Debt consolidation may sound intimidating, but it shouldn’t scare you. In fact, debt consolidation is a helpful tool to manage multiple debts and their multiple due dates.
When you consolidate your debt, you take a new loan to pay off your multiple existing loans.
Ways to Consolidate Your Debt
Here are 3 common ways of consolidating debt:
- Balance transfer credit cards — Balance transfer high-interest rate credit card balances to a single low-interest credit card.
- Personal loans — Take a debt consolidation loan to pay off all your outstanding balances.
- Retirement account loans — You may be able to take a loan from your retirement account to consolidate and pay off debt.
Why Consolidating Debt is Beneficial?
- Saves money on interest – debt consolidation combines all high-interest debts into one low-interest loan.
- Simplifies your payments – Only one account to manage, so fewer chances of missing payments.
The Effect of Debt Consolidation on Credit Scores
Debt consolidation can help and/or harm your credit scores.
These 3 factors can temporarily cause a drop in your credit score when consolidating debt:
1. Applying for New Credit
Your credit score takes a short-term hit when you apply for a debt consolidation loan. The financial institution or lender conducts a hard inquiry to pull out your credit report. This hard inquiry negatively affects your credit score.
2. Opening a New Credit Account
Lenders look at new credit account as a new credit risk. So, taking out a new loan for debt consolidation temporarily lowers your credit scores.
3. Lowering the average Age of Credit
Generally, if your credit accounts are old and have been maintained well, the CIBIL scores rise over a period of time. But, when you open a new credit account, even if it is for debt consolidation, it lowers the average age of all your credit accounts. This may temporarily lower your credit score.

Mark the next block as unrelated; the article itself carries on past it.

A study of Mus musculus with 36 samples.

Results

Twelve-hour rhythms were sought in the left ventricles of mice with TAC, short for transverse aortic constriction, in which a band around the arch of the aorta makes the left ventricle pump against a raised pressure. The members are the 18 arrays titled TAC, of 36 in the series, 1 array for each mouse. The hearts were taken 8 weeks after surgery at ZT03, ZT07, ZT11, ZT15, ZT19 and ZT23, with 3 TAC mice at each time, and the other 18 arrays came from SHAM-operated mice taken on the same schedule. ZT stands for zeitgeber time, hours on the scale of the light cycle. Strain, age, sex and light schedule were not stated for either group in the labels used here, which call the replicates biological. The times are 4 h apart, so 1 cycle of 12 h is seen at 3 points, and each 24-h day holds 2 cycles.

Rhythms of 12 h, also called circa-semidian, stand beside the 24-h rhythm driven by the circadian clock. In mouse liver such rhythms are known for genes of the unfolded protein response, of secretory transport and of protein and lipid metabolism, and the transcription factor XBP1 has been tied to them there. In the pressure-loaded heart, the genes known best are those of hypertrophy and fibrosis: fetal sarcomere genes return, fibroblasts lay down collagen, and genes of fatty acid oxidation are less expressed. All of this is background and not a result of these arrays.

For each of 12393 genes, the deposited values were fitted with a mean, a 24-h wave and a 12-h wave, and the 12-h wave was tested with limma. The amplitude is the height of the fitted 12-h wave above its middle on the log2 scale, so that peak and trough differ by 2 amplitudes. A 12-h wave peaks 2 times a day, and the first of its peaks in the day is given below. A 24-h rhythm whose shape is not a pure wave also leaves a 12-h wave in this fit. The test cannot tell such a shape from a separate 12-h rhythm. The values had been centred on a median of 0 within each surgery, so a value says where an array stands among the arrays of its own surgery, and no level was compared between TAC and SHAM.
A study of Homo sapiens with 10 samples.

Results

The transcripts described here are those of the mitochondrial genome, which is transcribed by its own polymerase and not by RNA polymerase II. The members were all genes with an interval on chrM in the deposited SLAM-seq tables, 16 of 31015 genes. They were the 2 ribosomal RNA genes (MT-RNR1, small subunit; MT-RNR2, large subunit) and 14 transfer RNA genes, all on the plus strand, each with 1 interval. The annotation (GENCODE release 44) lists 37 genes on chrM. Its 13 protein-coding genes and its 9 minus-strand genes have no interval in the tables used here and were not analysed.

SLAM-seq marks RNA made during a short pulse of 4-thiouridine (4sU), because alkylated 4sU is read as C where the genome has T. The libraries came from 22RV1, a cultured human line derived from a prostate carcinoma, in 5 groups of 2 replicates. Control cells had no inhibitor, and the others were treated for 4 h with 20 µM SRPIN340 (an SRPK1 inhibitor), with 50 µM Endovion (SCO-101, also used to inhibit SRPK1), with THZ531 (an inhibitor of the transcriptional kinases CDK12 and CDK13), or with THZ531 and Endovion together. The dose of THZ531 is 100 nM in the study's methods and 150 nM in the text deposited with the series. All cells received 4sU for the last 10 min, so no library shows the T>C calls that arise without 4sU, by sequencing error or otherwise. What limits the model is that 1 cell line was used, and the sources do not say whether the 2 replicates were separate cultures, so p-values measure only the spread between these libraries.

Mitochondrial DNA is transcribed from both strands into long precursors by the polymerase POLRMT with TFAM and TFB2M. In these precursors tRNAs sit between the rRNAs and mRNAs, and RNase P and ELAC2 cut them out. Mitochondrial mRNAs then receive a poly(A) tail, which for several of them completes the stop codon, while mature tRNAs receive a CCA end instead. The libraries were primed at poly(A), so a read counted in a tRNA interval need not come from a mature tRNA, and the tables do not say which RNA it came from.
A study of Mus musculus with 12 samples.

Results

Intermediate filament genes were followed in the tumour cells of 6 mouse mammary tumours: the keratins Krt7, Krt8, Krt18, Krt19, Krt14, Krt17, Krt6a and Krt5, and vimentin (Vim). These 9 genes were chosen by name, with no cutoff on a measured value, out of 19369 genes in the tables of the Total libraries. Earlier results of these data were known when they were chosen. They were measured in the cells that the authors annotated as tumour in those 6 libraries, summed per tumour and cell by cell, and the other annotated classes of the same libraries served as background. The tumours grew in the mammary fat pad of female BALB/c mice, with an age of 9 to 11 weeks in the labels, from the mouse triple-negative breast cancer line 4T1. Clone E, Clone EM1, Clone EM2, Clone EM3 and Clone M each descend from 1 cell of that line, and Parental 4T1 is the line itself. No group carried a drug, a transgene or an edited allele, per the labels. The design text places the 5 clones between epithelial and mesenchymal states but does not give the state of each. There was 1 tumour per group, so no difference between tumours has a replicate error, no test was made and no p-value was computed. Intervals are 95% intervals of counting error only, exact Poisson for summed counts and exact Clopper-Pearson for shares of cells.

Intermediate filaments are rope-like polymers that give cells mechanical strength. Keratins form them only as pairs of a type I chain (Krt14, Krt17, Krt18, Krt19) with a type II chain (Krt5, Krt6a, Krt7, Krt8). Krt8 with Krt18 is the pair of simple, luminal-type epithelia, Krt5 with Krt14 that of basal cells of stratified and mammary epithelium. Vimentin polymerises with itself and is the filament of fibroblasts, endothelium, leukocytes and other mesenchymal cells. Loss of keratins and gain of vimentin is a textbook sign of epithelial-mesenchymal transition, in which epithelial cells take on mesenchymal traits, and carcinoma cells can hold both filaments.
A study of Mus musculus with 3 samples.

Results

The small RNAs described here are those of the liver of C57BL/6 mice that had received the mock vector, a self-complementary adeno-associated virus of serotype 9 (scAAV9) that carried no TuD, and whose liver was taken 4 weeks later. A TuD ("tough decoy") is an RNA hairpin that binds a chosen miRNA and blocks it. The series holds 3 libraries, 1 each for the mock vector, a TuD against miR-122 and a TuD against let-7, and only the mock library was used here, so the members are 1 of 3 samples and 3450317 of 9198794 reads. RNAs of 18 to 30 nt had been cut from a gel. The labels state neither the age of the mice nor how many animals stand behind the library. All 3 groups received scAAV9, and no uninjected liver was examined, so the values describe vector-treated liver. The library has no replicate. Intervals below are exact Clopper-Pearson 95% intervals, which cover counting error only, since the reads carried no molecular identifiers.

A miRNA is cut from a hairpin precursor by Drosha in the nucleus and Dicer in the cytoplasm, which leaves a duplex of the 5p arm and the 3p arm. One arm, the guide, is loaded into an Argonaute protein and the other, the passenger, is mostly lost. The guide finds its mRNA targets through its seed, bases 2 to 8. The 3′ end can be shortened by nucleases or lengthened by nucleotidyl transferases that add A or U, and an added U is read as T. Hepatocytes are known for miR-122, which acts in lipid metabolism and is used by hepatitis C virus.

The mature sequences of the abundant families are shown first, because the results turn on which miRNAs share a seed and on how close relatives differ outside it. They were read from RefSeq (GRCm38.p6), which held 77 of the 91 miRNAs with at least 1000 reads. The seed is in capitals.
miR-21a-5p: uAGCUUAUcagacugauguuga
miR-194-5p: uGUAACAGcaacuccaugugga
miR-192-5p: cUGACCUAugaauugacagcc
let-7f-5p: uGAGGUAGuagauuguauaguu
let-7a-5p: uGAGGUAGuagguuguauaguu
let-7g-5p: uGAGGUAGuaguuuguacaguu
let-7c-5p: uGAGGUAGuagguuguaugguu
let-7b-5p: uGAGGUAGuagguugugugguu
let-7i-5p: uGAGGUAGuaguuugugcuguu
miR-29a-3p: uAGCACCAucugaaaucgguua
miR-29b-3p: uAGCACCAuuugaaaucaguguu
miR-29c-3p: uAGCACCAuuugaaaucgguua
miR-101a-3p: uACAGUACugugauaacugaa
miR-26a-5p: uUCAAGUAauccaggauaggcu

These 2 factors can help your credit score when consolidating debt:
4. Reducing the credit Utilization Ratio
The credit utilization ratio is the amount of credit you used over the total amount of credit available to you on your credit cards.
When you open a new debt consolidation account, your available credit will increase, and the outstanding balances will decrease. Thus, decreasing the credit utilization ratio.
Once the credit utilization ratio gets reduced, it may counter the negative effects of opening a new credit account that we discussed earlier in this article.
Maintaining a credit utilization ratio of 20-30% is ideal. Higher the ratio, more the damage to your CIBIL score.
5. Maintaining a Good Payment History
Once you start making on-time payments on your new debt consolidation loan, your credit score will show a rise over time.
Your payment history has the greatest impact on your credit score. So, always pay on time.
Consolidating your debt may temporarily hurt your credit scores. But if you make regular and on-time payments, your credit score will start to recover and may even improve over time.
Shiv Nanda is a financial analyst who currently lives in Bangalore (refusing to acknowledge the name change) and works with MoneyTap, India’s first app-based credit-line. Shiv is a true finance geek, and his friends love that. They always rely on him for advice on their investment choices, budgeting skills, personal financial matters and when they want to get a loan. He has made it his life’s mission to help and educate people on various financial topics, so email him your questions at firstname.lastname@example.org.